A Cheney man appeared before a judge Thursday to face charges that he allegedly killed his wife by lacing her ice cream with a lethal dose of pain medication in June.
David Pettis was arrested Wednesday by Spokane County Sheriff’s deputies.
District Court Judge Patti Walker set Pettis’ bond at $1 million, which his defense attorney, Robert Sargent, said was unreasonable because Pettis earned significantly less than indicated in the pretrial findings, which estimated his monthly income at $5,000 to $7,000. Sargent said his income was closer to $2,500 a month, and because that income came from a logging business, which is “feast and famine,” it’s not always consistent.
Walker also determined that Pettis was not eligible to be represented by a public defender because he has enough income and assets to hire his own legal representation.
Pettis had three misdemeanors in the state of New York in or around 1994, his lawyer said, including a trespassing charge and a petty larceny charge.
Pettis owns a transportation business called Pettis Transport in Cheney and served in the military from 1979 to ’81, Sargent said.
In the course of their investigation, detectives interviewed a woman who allegedly had a romantic relationship with Pettis before and after the death of his wife, Peggy Pettis.
Pettis and the woman, his high school girlfriend, reconnected during a funeral in New York in November 2017. The two began texting each other. In March, a Facebook post showed a picture of the two with the caption reading, “Feeling in Love.” The post made multiple family members suspicious of an affair, according to court documents.
Peggy Pettis was communicating with his high school girlfriends, too, David Pettis told authorities, through the Scrabble-like game, “Words with Friends.” Pettis told detectives that “Peggy knew of (her) and encouraged him to pursue a relationship with (her) should anything ever happen to Peggy.”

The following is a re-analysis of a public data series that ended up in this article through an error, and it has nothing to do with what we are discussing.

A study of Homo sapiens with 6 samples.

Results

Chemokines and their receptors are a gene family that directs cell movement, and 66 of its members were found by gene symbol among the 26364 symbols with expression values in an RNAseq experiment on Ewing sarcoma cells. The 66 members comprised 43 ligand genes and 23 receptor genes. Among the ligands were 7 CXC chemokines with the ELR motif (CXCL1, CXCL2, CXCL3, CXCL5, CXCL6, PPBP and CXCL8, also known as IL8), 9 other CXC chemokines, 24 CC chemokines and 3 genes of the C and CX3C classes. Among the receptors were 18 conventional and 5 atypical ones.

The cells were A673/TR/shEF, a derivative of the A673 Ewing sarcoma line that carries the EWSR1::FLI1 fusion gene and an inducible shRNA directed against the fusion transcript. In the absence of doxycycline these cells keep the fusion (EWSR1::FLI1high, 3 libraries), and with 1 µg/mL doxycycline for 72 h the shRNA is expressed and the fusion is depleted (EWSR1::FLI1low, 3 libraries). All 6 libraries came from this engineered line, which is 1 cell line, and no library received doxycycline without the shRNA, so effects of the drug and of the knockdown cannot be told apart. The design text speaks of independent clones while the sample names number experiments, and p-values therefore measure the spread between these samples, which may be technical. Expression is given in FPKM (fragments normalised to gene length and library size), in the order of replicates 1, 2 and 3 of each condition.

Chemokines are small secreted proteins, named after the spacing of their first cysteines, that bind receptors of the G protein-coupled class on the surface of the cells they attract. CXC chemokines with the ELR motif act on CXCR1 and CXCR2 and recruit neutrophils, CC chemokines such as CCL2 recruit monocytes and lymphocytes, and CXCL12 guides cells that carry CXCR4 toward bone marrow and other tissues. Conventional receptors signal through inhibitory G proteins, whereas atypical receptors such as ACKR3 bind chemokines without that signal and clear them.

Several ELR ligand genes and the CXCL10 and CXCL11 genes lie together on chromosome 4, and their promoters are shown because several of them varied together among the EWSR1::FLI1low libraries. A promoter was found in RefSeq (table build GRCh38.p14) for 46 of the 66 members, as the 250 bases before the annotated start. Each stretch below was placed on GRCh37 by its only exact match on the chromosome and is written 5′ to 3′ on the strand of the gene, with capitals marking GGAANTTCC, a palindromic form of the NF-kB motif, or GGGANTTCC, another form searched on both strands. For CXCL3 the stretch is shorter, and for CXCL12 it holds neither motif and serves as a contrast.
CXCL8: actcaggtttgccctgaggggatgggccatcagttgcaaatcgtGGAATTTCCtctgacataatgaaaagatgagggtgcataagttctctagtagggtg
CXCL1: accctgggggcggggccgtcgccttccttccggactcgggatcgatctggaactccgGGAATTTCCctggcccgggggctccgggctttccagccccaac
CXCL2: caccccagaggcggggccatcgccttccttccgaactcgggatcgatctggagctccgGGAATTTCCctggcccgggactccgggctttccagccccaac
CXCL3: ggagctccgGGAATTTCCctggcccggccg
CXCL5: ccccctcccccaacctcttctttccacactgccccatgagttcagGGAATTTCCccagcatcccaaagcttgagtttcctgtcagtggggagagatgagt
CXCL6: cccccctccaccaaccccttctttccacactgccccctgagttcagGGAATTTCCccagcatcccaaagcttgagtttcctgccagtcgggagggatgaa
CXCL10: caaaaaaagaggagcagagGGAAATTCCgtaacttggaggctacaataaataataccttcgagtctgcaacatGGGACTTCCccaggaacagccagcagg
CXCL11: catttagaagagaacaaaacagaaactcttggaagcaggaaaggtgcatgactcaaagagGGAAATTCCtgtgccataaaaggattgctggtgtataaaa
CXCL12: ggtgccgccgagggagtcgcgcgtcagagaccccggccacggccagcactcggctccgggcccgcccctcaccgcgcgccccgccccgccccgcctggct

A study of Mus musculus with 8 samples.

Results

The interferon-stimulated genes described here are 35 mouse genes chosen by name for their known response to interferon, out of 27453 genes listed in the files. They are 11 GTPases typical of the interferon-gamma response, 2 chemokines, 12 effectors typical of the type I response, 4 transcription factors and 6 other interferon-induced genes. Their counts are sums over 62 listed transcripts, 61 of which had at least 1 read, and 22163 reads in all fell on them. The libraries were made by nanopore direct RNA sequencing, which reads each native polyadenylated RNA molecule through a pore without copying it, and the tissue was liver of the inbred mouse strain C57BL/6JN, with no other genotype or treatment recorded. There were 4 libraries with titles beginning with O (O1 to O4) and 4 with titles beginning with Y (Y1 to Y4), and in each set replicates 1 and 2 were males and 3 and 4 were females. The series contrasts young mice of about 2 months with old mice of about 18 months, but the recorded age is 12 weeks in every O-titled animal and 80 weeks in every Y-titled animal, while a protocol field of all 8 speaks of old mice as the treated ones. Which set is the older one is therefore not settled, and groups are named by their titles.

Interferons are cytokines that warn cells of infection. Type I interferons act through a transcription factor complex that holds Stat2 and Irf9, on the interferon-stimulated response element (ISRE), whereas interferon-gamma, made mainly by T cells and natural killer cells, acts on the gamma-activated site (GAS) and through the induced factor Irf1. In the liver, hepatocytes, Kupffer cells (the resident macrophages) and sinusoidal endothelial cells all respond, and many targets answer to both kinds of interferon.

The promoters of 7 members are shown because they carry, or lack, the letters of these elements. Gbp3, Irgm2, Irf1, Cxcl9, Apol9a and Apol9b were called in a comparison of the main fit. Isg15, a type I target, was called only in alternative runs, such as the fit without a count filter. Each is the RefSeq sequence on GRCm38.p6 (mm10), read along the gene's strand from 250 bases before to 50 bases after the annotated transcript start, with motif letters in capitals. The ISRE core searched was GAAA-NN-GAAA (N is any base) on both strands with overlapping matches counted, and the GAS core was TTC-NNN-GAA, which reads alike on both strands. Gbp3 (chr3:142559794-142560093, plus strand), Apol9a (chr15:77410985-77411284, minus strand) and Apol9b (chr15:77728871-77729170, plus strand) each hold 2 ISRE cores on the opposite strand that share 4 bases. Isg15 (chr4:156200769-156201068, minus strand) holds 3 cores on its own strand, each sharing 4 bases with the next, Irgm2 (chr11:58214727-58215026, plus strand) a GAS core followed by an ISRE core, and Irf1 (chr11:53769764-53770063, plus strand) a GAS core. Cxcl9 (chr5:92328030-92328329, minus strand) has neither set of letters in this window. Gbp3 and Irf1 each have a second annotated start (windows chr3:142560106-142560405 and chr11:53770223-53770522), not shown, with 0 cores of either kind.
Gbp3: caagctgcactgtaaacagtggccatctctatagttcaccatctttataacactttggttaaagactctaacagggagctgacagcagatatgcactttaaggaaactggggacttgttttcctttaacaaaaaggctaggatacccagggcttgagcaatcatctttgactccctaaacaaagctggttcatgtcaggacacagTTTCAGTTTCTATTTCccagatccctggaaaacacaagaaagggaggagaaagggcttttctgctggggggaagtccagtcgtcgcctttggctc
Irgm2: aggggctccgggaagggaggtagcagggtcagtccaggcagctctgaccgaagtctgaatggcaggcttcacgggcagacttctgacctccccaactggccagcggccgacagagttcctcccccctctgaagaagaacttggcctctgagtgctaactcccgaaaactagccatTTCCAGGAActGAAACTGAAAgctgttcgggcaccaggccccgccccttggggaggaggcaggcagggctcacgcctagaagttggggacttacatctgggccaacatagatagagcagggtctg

Within four days of Peggy Pettis’ death, David Pettis was making plans to visit his high school girlfriend in New York to stay with her, court documents stated. Pettis visited her in August, but she was “suspicious of Pettis” and began asking him questions, according to court documents. Pettis “became upset and decided to leave,” and he told her, “’the next thing out of your mouth will be that I killed my wife.”
David and Peggy Pettis’ son’s girlfriend told detectives that Pettis “tried saying that Peggy had failed to pay some bills because she had dementia, however (she) said she knew it was, because in fact they didn’t have the money and Peggy was not experiencing dementia.”
No signs of dementia were found when a physician’s assistant conducted a physical for a new life insurance policy Peggy received days before her death, according to court documents. Pettis told the physician’s assistant that Peggy was having memory issues related to fiances, but “the examples were not of significance.”
Three days after she secured the life insurance policy, she died. Pettis was listed as the sole beneficiary of the policy.
Pettis called the medical examiner 10 times to speed up Peggy’s toxicology report because “he needed it to receive the life insurance monies and bury Peggy,” court documents stated.
Pettis also had made 14 insurance claims since 1996, detectives found. Four of them were determined to be arson.